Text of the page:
Just two birthdays today, no deaths. That’s always a good thing.
Walter “Killer” Kowalski was born Edward Władysław Spulnik on October 13, 1926, 92 years ago today. Due to a series of unfortunate (or fortunate, if you’re looking at it from a heat standpoint) incidents, Kowalski’s reputation as a ruthless villain who gleefully maimed his opponents was solidified. On October 15, 1952, in a match vs. Yukon Eric, Kowalski ripped off a part of Eric’s ear while doing a knee drop. Actually, Eric’s ears were already badly cauliflowered due to the years of abuse they’d taken and the injury was a total accident. When Kowalski showed up at the hospital and saw how silly Eric looked with all the bandages, he and Eric both began laughing, but the paper the next day reported that Kowalski showed up to the hospital to laugh at his victim, further cementing his image as a heel. In 1958, boxing great Jack Dempsey was a special guest referee for Kowalski’s match vs. Pat O’Connor. Kowalski accidentally kicked Dempsey in the diaphragm, and Dempsey had to be hospitalized. In 1967, Australian talk show host Don Lane irritated Kowalski during an interview, and Kowalski attacked him with his infamous claw hold.
Kowalski became the main antagonist of Bruno Sammartino in the World Wide Wrestling Federation in the 1960s and 1970s. He also held the WWWF Tag Team Championships along with Gorilla Monsoon. After his WWF retirement in 1977, Kowalski started a wrestling school in Massachusetts that trained many of the sport’s top stars. Due to his health, the school closed in 2003. Here’s a partial list of the wrestlers trained by Kowalski:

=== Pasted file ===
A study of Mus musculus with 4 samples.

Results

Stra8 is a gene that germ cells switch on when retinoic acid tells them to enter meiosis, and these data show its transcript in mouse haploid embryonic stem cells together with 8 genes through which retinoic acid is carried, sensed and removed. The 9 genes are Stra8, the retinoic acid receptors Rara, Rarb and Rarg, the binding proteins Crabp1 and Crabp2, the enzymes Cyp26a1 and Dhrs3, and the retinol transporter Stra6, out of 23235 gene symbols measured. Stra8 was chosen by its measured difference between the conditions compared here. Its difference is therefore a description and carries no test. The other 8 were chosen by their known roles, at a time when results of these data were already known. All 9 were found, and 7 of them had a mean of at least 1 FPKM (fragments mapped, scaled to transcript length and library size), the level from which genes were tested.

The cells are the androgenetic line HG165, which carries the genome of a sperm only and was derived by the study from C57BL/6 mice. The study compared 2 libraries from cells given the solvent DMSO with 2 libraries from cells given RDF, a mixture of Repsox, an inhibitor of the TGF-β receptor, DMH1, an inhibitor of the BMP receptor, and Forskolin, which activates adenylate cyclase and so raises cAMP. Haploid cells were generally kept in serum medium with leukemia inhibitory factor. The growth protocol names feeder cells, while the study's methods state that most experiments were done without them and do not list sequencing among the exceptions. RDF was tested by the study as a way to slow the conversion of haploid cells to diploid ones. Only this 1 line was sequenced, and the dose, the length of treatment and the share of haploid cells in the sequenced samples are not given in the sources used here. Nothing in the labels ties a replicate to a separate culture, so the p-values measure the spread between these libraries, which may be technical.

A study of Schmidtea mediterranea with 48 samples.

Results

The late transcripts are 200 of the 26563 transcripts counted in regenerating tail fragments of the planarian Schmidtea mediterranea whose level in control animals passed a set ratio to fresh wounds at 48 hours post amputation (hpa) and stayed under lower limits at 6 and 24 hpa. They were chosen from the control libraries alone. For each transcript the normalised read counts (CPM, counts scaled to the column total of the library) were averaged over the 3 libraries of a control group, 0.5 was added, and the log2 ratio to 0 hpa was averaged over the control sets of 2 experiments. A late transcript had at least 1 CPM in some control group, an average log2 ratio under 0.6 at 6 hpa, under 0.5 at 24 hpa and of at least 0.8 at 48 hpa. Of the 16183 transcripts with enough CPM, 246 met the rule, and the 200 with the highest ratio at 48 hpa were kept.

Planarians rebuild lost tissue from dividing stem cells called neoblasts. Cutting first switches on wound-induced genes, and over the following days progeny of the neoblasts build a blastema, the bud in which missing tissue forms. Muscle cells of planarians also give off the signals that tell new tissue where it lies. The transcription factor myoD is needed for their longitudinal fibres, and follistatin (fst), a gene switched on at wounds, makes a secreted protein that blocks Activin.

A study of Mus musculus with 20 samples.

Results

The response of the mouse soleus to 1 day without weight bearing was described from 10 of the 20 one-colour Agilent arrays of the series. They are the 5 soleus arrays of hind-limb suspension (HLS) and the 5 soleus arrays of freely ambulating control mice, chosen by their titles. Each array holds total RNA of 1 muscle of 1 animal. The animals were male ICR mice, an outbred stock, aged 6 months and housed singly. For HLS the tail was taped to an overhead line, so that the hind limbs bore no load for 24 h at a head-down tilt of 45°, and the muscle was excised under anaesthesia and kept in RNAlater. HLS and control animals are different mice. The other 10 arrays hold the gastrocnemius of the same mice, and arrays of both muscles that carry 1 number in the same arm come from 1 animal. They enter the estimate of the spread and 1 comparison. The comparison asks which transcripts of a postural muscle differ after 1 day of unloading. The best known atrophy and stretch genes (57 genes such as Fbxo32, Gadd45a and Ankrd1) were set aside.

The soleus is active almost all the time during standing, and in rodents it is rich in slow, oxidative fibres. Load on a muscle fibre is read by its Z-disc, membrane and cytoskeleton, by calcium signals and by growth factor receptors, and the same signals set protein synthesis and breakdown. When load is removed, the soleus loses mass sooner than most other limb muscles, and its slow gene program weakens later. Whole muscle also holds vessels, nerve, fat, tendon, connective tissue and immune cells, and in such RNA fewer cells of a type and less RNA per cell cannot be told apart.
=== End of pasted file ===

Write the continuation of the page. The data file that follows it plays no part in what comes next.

Big John Studd
Kowalski was inducted into the WWF Hall of Fame in 1996. He passed away on August 30, 2008. Happy birthday Killer.
Mike Droese, better know to wrestling fans as Duke “The Dumpster” Droese, turns 48 today. Fun fact: in one of the first instances of hardcore wrestling in the WWF, Jerry Lawler hit Droese in the head with his own trash can, then was legitimately forced to apologize by Vince McMahon for “demonstrating such a brutal amount of violence”. This was 1994. Droese was one of the last wrestlers from the character-driven late 80’s/early 90’s WWF that bridged the gap to the Attitude Era. After coming to terms with WWF on his release in mid-1996, he toiled around the independent circuit for a few years, and made it back to WWF for one night at WrestleMania X-Seven, reprising his gimmick in the “gimmick battle royal”. Unfortunately the last newsworthy thing we’ve heard about Droese was in 2013, when he was indicted for three counts of delivery of a controlled substance for selling oxycodone and buprenorphine to an undercover informant. Here’s to better days for The Dumpster, and a happy birthday.